Veterans: Good for business

How to turn your military experience into a fulfilling civilian career

Will my military skills translate to civilian life?
Yes, very much so. Veterans have been trained to be both excellent team players and strong leaders. Many vets leave the military with strong technical skills useful in the civilian life, plus an unmatched ability to work under pressure. Think of your military skills as civilian skills, with the added bonus of being able to work under tight time constraints in rapidly changing situations. “I was in charge of 25 to 50 personnel, and we provided internet for the Army,” Marquel Walker, now a civilian IT manager, told the career site TheMuse.com. “We would go to a base or any kind of new infrastructure—say, in the middle of the woods—and I would come up with planning and procedures.” Managers say the “soft skills” that veterans also bring, such as integrity and attention to detail, are just as important as technical abilities, and many managers say these skills are especially difficult to find among their applicants.

How do I explain what I did in the military?
First, familiarize yourself with corporate terminology. HR professionals, many of whom are unfamiliar with the military, often struggle to understand the roles and responsibilities service members hold during their careers. And even if HR reps think they know something about being, say, a first sergeant, they still may not be able to identify a parallel position in their own workplace. To help yourself get ahead, learn to “civilianize” your language so that you can clearly explain your role in terms that people looking to hire you can easily understand. That includes writing your résumé in a way that’s consistent with what companies are used to seeing. Refer to your “platoon” as your “team.” If you’re a medic, consider “healthcare specialist.” For help matching your military expertise to civilian jobs, check out Military.com’s useful Military Skills Translator.

What kinds of companies tend to hire vets?
Veterans are in demand across a range of industries—information technology, health care and pharmaceuticals, financial services, engineering, and manufacturing. Within those industries some companies have especially well-developed pipelines for transition into civilian life. Some have recruiters who are veterans themselves; in one survey, 64 percent of vets said that meeting a recruiter who was also a veteran was a key consideration in choosing an employer. Major companies such as Southwest Airlines, consulting firm Booz Allen Hamilton, Walgreens, Boeing, and The Home Depot now have specific policies and initiatives in place for hiring veterans, and onboarding programs to help them navigate corporate life. Many of these companies place a premium on the worldview the military helps nurture and have a workplace culture that, as one major company’s military recruiter puts it, “aligns with the military’s core values.”

Are there high-level opportunities?
For sure, though it may take going back to school for, say, a graduate degree such as an MBA or further training in a field like user experience. Veterans in “high demand” are 72 percent more likely to have completed an MBA. For those with the right background, there are significant career opportunities in IT. Corporate chief information officer, with a median salary of $167,200, is a particularly veteran-heavy position, according to CNN.com. “There is a reason why people use the expression ‘military-grade technology,’” military recruiter Nick Swaggert told CNN. Managers who advise sales teams on government contracts are also in high demand, especially if they have 20 years of military contacts. Top-ranking service members are also finding success on corporate boards, thanks to the National Association of Corporate Directors’ Battlefield to Boardroom program. To date, the association has helped more than 200 retired admirals and generals attain board positions in private and public companies across the United States.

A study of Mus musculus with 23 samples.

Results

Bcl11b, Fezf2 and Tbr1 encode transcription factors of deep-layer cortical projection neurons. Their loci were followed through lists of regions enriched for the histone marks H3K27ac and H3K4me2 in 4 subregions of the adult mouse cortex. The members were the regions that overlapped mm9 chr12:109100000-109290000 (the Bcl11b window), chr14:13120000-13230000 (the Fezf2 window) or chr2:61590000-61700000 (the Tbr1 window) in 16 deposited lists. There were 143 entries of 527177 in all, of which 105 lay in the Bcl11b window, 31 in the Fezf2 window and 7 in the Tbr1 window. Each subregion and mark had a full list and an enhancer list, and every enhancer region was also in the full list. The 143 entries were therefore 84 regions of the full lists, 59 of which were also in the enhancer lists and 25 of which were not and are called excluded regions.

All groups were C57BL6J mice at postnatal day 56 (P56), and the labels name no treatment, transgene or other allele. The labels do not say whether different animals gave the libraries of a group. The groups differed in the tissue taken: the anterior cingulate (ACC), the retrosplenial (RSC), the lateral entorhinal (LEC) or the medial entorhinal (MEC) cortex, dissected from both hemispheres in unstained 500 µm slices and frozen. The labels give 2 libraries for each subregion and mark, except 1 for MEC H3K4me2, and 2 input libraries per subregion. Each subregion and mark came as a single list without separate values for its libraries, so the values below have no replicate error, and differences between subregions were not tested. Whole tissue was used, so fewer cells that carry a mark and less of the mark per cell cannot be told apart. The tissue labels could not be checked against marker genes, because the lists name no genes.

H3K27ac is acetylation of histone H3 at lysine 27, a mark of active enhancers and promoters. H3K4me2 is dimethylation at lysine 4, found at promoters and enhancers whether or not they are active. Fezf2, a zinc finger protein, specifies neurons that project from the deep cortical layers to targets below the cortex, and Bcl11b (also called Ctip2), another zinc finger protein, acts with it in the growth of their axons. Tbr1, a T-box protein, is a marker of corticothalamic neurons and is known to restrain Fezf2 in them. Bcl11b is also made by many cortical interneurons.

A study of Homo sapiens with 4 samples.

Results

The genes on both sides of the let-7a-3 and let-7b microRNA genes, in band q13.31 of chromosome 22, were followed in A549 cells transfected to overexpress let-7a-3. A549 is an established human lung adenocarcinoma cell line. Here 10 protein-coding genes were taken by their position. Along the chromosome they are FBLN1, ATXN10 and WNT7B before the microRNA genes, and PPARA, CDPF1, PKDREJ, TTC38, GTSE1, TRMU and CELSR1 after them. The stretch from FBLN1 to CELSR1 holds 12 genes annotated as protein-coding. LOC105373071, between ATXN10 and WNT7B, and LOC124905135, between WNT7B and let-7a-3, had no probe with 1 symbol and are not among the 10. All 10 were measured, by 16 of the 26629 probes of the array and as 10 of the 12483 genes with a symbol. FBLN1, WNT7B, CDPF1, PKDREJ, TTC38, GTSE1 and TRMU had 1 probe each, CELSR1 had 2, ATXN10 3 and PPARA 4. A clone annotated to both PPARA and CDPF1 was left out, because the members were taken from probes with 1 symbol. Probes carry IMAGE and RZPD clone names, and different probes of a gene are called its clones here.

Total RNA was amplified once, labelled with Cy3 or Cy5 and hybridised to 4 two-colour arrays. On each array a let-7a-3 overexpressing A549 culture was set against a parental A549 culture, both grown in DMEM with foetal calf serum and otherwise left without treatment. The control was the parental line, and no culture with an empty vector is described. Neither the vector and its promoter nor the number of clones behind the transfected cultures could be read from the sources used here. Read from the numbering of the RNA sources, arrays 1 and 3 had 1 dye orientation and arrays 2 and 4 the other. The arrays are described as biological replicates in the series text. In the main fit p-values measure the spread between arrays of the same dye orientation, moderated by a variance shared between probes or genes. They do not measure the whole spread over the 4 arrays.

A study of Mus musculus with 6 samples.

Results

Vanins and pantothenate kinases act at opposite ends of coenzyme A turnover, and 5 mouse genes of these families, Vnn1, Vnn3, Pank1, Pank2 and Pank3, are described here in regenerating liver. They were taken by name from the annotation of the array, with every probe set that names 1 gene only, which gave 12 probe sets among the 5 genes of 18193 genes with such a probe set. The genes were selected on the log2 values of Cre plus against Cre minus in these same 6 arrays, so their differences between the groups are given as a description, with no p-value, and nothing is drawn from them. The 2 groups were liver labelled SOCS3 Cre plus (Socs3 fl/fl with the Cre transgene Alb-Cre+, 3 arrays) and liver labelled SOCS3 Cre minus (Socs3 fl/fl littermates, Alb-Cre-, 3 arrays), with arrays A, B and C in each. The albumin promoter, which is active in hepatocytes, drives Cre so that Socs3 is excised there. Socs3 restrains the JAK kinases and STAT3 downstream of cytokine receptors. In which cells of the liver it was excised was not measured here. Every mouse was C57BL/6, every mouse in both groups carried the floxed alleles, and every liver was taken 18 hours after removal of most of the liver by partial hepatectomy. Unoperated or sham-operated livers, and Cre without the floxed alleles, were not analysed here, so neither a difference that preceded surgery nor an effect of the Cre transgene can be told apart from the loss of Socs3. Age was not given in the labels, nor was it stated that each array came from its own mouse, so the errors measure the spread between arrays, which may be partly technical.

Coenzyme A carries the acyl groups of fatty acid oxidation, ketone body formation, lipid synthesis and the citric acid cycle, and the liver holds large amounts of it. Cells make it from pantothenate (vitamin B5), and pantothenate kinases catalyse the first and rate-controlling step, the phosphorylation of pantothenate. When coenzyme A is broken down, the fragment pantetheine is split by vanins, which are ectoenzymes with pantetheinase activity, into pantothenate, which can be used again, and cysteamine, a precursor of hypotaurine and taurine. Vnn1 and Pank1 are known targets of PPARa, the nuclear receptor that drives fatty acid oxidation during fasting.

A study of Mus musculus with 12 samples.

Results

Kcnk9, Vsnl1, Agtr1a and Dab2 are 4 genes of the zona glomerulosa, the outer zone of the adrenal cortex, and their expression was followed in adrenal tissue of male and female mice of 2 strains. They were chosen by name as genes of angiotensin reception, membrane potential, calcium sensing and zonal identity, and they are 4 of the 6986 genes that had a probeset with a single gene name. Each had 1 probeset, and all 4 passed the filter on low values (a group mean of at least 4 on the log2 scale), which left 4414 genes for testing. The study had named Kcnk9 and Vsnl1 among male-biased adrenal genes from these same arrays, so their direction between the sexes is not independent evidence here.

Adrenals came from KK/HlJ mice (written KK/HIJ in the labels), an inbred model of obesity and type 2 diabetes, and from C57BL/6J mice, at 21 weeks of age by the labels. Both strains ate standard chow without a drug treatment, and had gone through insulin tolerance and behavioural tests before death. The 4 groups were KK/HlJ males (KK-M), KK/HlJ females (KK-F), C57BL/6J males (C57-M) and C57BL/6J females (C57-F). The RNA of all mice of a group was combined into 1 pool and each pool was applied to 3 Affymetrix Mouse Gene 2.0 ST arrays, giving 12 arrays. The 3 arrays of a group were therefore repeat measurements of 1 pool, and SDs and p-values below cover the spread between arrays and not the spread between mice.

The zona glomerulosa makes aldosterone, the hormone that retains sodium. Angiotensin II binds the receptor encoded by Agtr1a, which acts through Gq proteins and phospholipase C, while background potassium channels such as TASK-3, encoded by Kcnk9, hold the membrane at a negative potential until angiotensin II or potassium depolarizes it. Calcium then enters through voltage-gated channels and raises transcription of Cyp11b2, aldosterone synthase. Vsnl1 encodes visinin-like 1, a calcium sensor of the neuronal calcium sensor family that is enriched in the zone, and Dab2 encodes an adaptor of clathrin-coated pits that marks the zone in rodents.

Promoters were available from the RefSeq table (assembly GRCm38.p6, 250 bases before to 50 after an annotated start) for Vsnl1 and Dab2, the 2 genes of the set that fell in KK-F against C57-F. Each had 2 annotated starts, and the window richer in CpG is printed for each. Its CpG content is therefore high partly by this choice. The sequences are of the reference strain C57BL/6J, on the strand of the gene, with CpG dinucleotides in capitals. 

What about starting my own company?
There’s a long tradition of military veterans building powerful civilian technology companies; Hewlett Packard founder Bill Hewlett worked in electronics as an Army officer. In recent years, a number of organizations have sprung up to help veterans create startups. Bunker Labs is an incubator that offers new veteran-owned businesses a free accelerator program, co-working space, mentorships, and pitch events. Headquartered in Chicago, with 27 chapters around the country, it’s helped more than 370 startups, such as Philly Esports, a creator of video-gaming tournaments. Often Bunker Labs turns for help to other veterans; “It’s the most powerful alumni group in the country,” Bunker Labs CEO Todd Connor told Fast Company.

How do I begin the transition?
The Defense Department’s mandatory Transition Assistance Program will help you get started, but you’ll need to do a fair amount of legwork on your own. The U.S. Chamber of Commerce runs a program called Hiring Our Heroes that’s definitely worth using. It offers a 12-week corporate fellowship program that provides service members professional training and on-the-job experience with veteran-friendly companies. Start networking—reach out to people in your desired career and ask if they’d be willing to meet for an informational interview. Even if their company doesn’t have a job available, they can provide important information and possibly further connections. If you are considering a federal job, the Feds Hire Vets site is a good place to turn to for resources to start your search.